Slapstick 2008

Slapstick 2008

Slapstick Gala Event

Paul Merton's Silent Comedy Classics

Friday 18th January 2008

Paul Merton hosted this special event at Colston Hall in Bristol. Chris Serle started the evening off, then Paul Merton introduced the films, starting with Buster Keaton's 'One Week', followed by the Laurel and Hardy classic 'Leave Em Laughing'. Both of these films had a three piece musical accompaniment by Neil Brand, Gunter Buchwald and Frank Bockius.

Paul then took to the stage, along with the 15-piece Emerald Ensemble, to sing "Eternally" and then "Smile", two Charlie Chaplin songs, arranged by Neil Brand. Paul sang beautifully. He has such an amazing voice it makes the hairs on the back of your neck stand on edge. The only disappointment was that the microphone didn't work, so it was very quiet until a second microphone slid across the stage!

The second part of the evening consisted of Paul Merton chatting with Christoper Chaplin, Charlie Chaplin's son. They then introduced 'The Gold Rush', a Charlie Chaplin film from 1925. This featured the world premiere of Timothy Brock's reorchestration of Charlie Chaplin's original score for the film, commissioned by Paul Merton. The film was hugely enjoyable and, other than Paul's singing, the highlight of the evening. It was incredibly well received by the audience and watching a film of such magnitude with a huge crowd of like-minded people was a great experience.

Silent Comedy and the Great War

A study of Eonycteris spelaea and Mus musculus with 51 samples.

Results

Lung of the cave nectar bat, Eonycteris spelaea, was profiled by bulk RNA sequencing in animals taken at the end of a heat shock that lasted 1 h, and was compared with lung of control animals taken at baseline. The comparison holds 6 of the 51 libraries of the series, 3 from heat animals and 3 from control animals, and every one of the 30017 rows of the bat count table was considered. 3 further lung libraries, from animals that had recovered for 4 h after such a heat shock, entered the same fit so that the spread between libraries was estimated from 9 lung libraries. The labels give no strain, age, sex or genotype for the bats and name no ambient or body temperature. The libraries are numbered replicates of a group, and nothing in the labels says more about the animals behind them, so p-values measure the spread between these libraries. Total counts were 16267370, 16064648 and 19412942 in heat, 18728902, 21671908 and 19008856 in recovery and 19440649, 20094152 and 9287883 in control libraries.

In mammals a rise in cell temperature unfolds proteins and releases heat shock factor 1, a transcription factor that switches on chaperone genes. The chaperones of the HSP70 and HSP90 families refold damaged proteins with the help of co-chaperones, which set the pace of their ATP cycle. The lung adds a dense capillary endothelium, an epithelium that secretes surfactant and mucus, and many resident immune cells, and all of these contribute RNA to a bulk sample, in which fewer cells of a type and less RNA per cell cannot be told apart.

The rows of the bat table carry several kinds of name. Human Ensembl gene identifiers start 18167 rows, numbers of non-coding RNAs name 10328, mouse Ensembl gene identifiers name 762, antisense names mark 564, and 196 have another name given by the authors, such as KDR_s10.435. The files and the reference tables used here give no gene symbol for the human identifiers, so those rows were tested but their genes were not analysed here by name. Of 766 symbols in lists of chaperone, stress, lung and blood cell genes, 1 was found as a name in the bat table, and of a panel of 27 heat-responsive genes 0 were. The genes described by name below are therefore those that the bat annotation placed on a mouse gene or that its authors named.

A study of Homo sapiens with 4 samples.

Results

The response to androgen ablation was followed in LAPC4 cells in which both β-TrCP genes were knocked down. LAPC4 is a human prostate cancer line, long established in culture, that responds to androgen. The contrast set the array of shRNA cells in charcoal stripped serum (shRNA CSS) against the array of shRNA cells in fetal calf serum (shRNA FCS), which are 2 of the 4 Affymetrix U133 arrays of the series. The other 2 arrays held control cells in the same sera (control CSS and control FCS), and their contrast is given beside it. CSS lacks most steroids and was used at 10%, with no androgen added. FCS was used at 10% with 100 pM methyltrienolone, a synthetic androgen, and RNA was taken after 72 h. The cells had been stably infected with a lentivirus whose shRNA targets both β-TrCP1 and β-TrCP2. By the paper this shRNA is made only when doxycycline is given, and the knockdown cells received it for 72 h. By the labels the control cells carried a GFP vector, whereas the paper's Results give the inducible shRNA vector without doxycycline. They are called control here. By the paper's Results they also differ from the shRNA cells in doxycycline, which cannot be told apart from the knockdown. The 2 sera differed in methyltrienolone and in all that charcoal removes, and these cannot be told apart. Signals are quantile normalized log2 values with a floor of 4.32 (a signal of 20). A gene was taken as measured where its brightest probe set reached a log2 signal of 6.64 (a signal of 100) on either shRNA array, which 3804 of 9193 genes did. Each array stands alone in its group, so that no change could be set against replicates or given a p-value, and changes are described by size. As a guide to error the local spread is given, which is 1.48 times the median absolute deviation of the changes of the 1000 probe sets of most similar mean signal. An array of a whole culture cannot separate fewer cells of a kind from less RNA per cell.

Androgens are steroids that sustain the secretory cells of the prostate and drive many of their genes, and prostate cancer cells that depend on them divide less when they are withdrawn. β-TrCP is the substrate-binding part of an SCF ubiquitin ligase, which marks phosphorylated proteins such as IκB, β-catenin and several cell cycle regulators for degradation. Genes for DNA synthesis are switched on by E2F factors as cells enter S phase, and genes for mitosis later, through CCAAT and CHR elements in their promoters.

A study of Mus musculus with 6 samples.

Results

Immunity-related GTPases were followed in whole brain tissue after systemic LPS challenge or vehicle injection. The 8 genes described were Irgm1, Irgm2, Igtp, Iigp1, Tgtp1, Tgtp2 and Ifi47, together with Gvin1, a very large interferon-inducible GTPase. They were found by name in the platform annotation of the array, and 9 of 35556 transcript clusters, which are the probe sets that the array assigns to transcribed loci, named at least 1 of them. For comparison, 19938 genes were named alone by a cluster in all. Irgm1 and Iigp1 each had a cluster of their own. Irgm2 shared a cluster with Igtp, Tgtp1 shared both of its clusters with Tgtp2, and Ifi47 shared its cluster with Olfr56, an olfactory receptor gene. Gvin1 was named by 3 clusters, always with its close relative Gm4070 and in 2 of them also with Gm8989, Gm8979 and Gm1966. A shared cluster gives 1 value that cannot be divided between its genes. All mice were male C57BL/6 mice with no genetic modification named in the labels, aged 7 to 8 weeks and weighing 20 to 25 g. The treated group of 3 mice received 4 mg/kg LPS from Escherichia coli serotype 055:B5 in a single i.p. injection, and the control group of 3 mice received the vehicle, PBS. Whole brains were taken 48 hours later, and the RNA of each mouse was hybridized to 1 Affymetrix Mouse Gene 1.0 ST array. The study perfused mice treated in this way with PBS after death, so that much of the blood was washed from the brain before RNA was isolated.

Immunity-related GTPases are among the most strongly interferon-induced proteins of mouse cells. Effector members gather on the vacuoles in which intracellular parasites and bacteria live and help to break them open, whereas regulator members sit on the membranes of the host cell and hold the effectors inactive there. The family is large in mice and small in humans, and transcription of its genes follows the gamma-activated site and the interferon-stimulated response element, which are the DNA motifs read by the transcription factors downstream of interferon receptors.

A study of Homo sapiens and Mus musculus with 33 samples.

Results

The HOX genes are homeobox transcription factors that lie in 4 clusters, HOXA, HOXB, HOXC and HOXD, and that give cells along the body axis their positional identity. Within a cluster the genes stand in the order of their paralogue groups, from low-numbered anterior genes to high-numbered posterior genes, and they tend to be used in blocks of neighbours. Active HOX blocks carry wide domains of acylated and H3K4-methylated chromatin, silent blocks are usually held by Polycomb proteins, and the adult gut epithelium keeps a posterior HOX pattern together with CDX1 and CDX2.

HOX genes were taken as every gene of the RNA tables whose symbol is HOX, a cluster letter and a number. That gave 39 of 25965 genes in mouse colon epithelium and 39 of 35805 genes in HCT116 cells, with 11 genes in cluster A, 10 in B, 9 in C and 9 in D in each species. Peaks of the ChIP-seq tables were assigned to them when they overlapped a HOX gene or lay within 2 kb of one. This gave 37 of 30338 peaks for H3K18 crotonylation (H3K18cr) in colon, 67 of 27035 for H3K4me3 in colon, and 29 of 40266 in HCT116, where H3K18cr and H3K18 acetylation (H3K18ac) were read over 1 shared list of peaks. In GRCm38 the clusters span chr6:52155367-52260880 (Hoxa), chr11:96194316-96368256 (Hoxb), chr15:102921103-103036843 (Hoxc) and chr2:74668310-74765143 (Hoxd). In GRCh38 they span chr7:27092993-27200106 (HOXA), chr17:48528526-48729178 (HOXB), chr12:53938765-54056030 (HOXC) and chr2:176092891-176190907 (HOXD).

with Paul McGann and Matthew Sweet

Sunday 20th January 2008

This event took place on the Sunday morning of the festival and was very enjoyable. Paul and Matthew Sweet introduced clips from films including 'The Better Ole' (1926) and a complete screening of Chaplin's mini-masterpiece 'Shoulder Arms' (1918). The films were enjoyable but the conversation was even more so. Both Paul and Matthew are highly knowledgeable about the subject of Silent Film and their enthusiasm shone through. They talked at length about Charlie's brother, Syd, and the relationship between the brothers. (Syd played The Kaiser, as well as Charlie's comrade, in this film.) as well as discussing the impact these films and others had at the time and the way in which they were used to boost morale.

This event was very informal and relaxed and a lot of the audience were very knowledgeable about the subject and asked various questions. For me, it was a further introduction to a hitherto unknown genre, but one into which I find myself increasingly drawn.

I shall be attending next year's event without a doubt!